Treatment of Rheumatoid Arthritis

The goal of treatment of arthritis is to reduce inflammation and joint pain while preventing damage and improving and maintaining joint function.

Updated: September 29, 2019

Several treatment options for rheumatoid arthritis are available which include nonprescription and prescription medications, joint injections, and surgical operations. Weight reduction and avoiding activities that strive excessive stress on the joint can also help in treating RA to some extent. The goal of treatment of arthritis is to reduce  inflammation and joint pain while preventing damage and improving and maintaining joint function.

Treatment of Rheumatoid Arthritis:

To reduce or stop inflammation as quickly as possible is the first thing need to be done in treatment of Rheumatoid Arthritis. The result will be better if the treatment starts as soon as the disease is diagnosed. The ultimate goal is to stop it and achieve remission which means presence of minimal or no signs or symptoms of active inflammation.
The doctor will focus on tight control of RA which can prevent or slow the pace of joint damage. So, the main goal of treatment include:

  • Stop inflammation and put disease in remission
  • Relieve symptoms
  • Improve physical function and overall well-being
  • Prevent joint and organ damage
  • Reduce long-term complications

Medications for Rheumatoid Arthritis:

Treatment of rheumatoid arthritis can be done with certain medication which can be used primarily to ease the symptoms of RA. Also there are certain medication which are used to slow or stop the course of the disease as well as prevent structural damage.

Symptoms Relieve Medications:

Nonsteroidal anti-inflammatory drugs (NSAIDs) are available over-the-counter and by prescription which can be used to help ease arthritis pain and inflammation. Ibuprofen, ketoprofen and naproxen sodium are some of the examples of these medication.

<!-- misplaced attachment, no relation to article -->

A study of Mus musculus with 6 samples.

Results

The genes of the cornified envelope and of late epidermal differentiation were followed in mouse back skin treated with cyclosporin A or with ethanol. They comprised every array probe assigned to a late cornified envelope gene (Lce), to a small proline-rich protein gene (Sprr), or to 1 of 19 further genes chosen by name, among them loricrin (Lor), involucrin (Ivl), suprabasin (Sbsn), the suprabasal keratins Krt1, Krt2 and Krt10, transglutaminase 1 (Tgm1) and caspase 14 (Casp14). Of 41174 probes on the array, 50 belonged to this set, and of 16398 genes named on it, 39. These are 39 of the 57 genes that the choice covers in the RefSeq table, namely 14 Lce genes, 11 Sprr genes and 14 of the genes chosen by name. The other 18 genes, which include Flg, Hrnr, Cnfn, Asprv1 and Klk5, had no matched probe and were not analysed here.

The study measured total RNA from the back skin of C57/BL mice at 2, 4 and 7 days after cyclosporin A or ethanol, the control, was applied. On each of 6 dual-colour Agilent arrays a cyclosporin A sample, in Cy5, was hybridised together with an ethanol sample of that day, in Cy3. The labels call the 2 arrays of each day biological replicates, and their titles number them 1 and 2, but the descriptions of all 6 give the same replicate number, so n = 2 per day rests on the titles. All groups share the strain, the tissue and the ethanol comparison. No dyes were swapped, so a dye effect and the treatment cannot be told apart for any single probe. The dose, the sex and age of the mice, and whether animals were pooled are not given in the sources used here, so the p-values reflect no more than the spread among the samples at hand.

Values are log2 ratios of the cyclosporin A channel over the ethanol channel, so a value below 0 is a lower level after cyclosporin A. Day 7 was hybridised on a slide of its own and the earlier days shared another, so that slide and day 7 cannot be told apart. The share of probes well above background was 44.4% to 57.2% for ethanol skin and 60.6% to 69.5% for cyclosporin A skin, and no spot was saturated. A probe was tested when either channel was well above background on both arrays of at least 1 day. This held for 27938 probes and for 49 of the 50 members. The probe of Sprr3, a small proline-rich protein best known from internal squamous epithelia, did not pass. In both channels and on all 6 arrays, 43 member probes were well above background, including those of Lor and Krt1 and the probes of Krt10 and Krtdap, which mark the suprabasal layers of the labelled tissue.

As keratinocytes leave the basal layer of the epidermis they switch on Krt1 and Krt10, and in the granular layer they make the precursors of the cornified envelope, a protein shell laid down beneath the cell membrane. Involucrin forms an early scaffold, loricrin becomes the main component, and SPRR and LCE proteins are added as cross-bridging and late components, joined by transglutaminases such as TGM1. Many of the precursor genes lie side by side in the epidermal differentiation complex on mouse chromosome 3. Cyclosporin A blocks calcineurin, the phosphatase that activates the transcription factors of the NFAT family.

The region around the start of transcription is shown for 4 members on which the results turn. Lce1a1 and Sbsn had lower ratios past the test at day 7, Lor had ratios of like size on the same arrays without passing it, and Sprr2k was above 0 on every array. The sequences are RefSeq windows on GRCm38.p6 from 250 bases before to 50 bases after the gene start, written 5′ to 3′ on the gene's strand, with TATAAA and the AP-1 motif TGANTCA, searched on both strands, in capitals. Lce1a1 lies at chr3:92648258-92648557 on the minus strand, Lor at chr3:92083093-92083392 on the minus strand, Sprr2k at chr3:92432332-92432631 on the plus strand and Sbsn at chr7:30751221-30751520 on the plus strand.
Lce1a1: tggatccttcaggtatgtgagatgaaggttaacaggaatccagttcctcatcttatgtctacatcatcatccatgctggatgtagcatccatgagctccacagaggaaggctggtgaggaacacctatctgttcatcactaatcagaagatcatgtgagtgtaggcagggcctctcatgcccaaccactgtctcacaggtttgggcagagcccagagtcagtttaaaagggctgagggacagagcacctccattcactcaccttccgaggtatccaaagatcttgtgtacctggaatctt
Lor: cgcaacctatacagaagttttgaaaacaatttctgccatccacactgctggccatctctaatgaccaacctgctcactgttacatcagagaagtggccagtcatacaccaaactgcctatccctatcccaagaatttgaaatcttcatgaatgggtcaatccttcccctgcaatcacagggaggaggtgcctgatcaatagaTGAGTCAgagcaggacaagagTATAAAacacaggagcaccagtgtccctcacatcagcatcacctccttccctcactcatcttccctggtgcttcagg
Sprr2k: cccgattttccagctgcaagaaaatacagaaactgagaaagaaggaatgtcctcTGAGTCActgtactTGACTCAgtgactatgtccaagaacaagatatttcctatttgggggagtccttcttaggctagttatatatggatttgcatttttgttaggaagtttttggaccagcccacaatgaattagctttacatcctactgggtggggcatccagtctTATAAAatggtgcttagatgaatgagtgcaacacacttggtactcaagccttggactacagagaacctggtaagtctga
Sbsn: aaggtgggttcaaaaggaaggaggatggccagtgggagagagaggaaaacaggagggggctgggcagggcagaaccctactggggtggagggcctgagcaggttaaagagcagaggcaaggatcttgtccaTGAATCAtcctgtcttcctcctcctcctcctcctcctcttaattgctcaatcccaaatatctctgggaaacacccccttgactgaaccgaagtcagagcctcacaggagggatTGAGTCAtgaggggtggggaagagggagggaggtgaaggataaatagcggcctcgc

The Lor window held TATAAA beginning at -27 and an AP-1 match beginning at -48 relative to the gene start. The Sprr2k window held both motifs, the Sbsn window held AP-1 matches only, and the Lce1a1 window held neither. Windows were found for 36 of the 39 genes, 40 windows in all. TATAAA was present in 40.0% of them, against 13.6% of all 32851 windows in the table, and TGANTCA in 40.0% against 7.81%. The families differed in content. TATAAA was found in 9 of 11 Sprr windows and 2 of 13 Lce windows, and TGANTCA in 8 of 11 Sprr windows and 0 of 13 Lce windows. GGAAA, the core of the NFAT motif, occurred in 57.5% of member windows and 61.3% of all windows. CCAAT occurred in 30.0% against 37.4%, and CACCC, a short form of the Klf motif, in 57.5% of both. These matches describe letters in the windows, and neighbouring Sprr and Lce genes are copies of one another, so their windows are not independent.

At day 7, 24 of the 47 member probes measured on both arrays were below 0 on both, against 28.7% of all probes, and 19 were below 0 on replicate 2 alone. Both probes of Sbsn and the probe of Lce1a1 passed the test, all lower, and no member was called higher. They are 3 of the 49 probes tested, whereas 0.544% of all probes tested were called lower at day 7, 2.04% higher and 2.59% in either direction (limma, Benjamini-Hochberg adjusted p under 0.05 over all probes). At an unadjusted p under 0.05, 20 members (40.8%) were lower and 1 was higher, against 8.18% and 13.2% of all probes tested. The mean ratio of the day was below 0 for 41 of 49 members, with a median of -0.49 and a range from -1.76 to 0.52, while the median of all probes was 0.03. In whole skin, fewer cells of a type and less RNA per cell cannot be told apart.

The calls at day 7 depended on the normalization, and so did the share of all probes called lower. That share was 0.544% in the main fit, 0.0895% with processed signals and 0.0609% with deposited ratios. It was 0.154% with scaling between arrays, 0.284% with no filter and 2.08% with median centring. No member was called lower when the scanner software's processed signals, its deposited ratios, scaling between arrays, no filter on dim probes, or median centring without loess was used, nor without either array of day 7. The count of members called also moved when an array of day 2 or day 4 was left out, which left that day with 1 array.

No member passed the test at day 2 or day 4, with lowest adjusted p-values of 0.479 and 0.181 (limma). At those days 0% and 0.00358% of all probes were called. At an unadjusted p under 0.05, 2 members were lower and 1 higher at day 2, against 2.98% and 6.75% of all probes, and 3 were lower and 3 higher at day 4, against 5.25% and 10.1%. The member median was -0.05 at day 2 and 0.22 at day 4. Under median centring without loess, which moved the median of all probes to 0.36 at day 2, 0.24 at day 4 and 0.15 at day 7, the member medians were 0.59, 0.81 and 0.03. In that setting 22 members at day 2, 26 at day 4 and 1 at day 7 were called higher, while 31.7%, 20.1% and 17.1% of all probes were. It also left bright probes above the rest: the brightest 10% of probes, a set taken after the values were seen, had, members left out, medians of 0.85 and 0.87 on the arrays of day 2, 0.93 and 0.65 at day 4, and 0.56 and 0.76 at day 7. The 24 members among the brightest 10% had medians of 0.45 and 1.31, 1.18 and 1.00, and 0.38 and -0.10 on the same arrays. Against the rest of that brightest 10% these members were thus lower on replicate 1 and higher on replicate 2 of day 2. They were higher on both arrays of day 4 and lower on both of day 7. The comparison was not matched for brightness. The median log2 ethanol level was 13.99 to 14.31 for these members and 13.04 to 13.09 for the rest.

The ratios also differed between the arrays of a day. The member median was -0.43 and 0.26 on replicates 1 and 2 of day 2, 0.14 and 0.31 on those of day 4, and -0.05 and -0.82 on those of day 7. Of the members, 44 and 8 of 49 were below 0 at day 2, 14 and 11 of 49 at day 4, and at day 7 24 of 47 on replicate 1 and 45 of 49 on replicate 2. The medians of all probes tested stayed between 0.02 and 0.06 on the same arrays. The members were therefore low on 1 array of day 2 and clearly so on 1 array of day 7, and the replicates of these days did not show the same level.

Usually celecoxib, a type of NSAID called a COX-2 inhibitor is prescribed for people who have had or are at risk of stomach ulcers. This inhibitor is safe for the stomach and can be taken by mouth or applied to the skin as a patch or cream, directly to a swollen joint.

Medicines That Slow Disease Activity:


Corticosteroids:

Corticosteroid medications are potent and quick-acting anti-inflammatory medications. These include prednisone, prednisolone and methyprednisolone and may be used in RA to get potentially damaging inflammation under control. Rather then waiting for NSAIDs and DMARDs to take effect these medicines can be used for rapid effect.
But, these medicines are preferred to use for a short period of time and in doses as low as possible because of the risk of side effects.

DMARDs:

DMARD or disease-modifying antirheumatic drugs are use to modify the course of the disease. Methotrexate, hydroxycholorquine, sulfasalazine, leflunomide, cyclophosphamide and azathioprine are some of the example of these drug.
These medicines can be taken by mouth, be self-injected or given as an infusion in a doctor's office.

Biologics:

These drugs are a subset of DMARDs. Biologics may work more quickly than traditional DMARDs and can slow, modify or stop the disease. These medicines can be given as an injection or by infusion in a doctor's office. They are not capable of effecting the entire immune response as they target specific steps in the inflammatory process.

JAK inhibitors:

This is a subcategory of DMARDs block the Janus kinase or JAK, pathways, which are involved in immune response of the body. It can be taken by mouth.

Surgery for Rheumatoid Arthritis:

Surgery can be considered as an option for people with permanent damage that limits daily function, mobility and independence. Surgical procedures can be performed to relieve pain, improve function, and correct deformity. Occasionally, joint tissue is surgically removed for the purpose of biopsy and diagnosis. Orthopedic surgeons are doctors who is specialized in joint surgery.
Arthroscopy is a cutting instrument with viewing tube is generally used for this surgery. A bone-removal procedure called osteotomy can help realign some of the deformity in selected patients, usually those with knee disease. Removal of inflamed joint lining tissue is called synovectomy.

Joint replacement surgery can relieve pain and restore function in joints which are badly damaged by RA. Damaged parts of a joint can be replaced with artificial joint (arthroplasty) such as metal and plastic parts in surgery. The small joints of the hand can be replaced with plastic material where as large joints, such as the hips or knees, are replaced with metals. Most common replacement are done for hip and knee. However, ankles, shoulders, wrists, elbows, and other joints may also be considered for replacement.